It should be clear to most why entertainment is a necessary thing for humans. In fact, it wouldn’t be a stretch to say that it is the cornerstone of human existence – if we don’t pursue enjoyment, then there is no doubt that our quality of life would be far worse. However, it is the existence of things such as films, music, gaming, and gambling that make us happy. Of course, these things are also needed to break up the monotony of life that is common for those who work a 9-5 job.
When it comes to pure enjoyment, it is hard to think of a better example than gambling. This is an activity that is enjoyed all over the world and once the goal of it is understood, it is no wonder why it is so popular. People simply love the idea of winning money, especially in societies where cash is king. This is why many players enjoy playing at the best real money online slots as there is always the chance to win a small amount, or even a life-changing amount of money. As most will know, gamblers will lose a lot, but people still continue to play. This might confuse some, but the science behind gambling might reveal some interesting information.
When gambling, although people engage in the activity to win money, this is not the sole motivator for everyone. Mark Griffiths is a psychologist at Nottingham Trent University, who pointed out a wide range of motivations for gambling. In a survey that had 5500 respondents, the most common motivator was certainly “to win big money”. However, following closely behind were the responses “because it’s fun” and “because it’s exciting”. This would indicate that some people do not mind losing money – for them, the process is more exciting than the reward. Griffiths backs this notion up by saying “Even when you’re losing while you’re gambling, your body is still producing adrenalin and endorphins”.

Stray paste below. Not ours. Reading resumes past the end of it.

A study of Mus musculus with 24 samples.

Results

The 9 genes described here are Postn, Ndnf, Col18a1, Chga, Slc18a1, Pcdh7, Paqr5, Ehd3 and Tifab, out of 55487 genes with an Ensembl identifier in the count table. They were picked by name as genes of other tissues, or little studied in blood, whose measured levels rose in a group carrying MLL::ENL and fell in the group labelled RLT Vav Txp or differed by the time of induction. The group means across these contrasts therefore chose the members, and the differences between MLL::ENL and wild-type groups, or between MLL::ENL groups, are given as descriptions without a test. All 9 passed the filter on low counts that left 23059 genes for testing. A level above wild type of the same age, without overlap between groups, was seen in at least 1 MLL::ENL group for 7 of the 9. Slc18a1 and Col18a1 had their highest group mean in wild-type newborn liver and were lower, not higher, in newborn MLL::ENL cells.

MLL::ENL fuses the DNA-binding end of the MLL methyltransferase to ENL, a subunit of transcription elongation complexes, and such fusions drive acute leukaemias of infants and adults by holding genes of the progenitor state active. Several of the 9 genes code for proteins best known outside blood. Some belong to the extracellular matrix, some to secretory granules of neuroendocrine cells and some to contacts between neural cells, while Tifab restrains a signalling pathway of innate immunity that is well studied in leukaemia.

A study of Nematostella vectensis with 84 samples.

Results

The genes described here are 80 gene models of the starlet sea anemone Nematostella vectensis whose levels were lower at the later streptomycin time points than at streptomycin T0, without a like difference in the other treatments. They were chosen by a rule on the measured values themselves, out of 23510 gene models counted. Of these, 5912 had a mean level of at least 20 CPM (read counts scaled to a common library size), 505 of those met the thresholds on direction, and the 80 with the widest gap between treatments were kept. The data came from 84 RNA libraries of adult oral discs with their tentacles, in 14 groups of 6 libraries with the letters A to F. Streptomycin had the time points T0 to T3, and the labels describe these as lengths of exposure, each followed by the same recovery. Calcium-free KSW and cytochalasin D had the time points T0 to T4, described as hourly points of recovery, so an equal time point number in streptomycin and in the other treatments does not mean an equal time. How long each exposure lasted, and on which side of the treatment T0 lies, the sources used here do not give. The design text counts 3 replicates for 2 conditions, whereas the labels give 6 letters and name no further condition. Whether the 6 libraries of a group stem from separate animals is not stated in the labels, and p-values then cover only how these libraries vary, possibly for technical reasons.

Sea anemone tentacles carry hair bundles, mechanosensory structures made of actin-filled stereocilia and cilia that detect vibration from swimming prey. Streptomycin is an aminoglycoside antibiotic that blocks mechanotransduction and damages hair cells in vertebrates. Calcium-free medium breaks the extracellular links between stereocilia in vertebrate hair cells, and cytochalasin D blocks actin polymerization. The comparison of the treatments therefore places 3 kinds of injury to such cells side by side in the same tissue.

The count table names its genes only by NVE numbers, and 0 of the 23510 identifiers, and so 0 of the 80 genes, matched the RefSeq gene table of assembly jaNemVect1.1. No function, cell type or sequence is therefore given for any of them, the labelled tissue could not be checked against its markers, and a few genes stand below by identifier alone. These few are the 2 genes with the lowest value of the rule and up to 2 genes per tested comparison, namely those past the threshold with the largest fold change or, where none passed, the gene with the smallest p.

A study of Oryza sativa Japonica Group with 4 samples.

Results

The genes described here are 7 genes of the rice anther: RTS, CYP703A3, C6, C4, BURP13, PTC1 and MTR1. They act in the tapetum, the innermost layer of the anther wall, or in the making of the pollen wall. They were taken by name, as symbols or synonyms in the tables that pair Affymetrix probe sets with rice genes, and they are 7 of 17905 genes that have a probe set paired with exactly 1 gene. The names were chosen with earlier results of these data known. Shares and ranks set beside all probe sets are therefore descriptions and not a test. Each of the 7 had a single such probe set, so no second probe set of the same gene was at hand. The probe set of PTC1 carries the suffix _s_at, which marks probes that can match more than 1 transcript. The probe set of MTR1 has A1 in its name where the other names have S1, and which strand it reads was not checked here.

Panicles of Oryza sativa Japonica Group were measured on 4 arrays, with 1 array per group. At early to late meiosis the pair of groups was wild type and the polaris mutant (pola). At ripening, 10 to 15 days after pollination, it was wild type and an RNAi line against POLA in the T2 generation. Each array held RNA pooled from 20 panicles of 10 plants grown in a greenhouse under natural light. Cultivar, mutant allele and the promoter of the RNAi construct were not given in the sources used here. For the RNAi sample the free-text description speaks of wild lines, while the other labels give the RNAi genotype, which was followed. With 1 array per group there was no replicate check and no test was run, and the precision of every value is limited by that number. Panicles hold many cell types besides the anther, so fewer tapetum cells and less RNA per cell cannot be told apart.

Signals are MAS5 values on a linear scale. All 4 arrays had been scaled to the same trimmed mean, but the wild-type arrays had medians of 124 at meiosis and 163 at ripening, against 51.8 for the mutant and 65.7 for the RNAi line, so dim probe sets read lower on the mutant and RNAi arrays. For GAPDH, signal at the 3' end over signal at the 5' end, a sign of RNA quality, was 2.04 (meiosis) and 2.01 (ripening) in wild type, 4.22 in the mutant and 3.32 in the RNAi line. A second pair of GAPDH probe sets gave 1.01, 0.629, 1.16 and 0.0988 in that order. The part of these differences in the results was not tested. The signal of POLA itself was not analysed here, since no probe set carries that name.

A 2009 study completed by the University of Stanford also agrees with this claim as it found that 92% of people had ‘loss thresholds’. This gives a name to what many people might have intrinsically practised as it refers to an amount of money lost that players will simply not go over, even stopping play if need be. Despite this, the study also concluded that even when players receive a net loss during a gambling session, this does not necessarily mean that their enjoyment of the experience was impacted.
Another study was conducted by University College which also led to some interesting results. After presenting 26 subjects with a series of selections related to gambling and scanning their brain waves after each response, the neuroscience team were able to conclude that lower expectations of winning leads to more enjoyment when a win does eventually occur. They were able to conclude this after observing increasing activity in the area of the brain that is associated with dopamine.
Taking these findings into account, it is clear to see that people gamble for different reasons, but the common factor is that they always receive enjoyment from the activity. Given that gambling involves money, this is why people must take extra caution to avoid problem gambling, which can have dire consequences if left unchecked.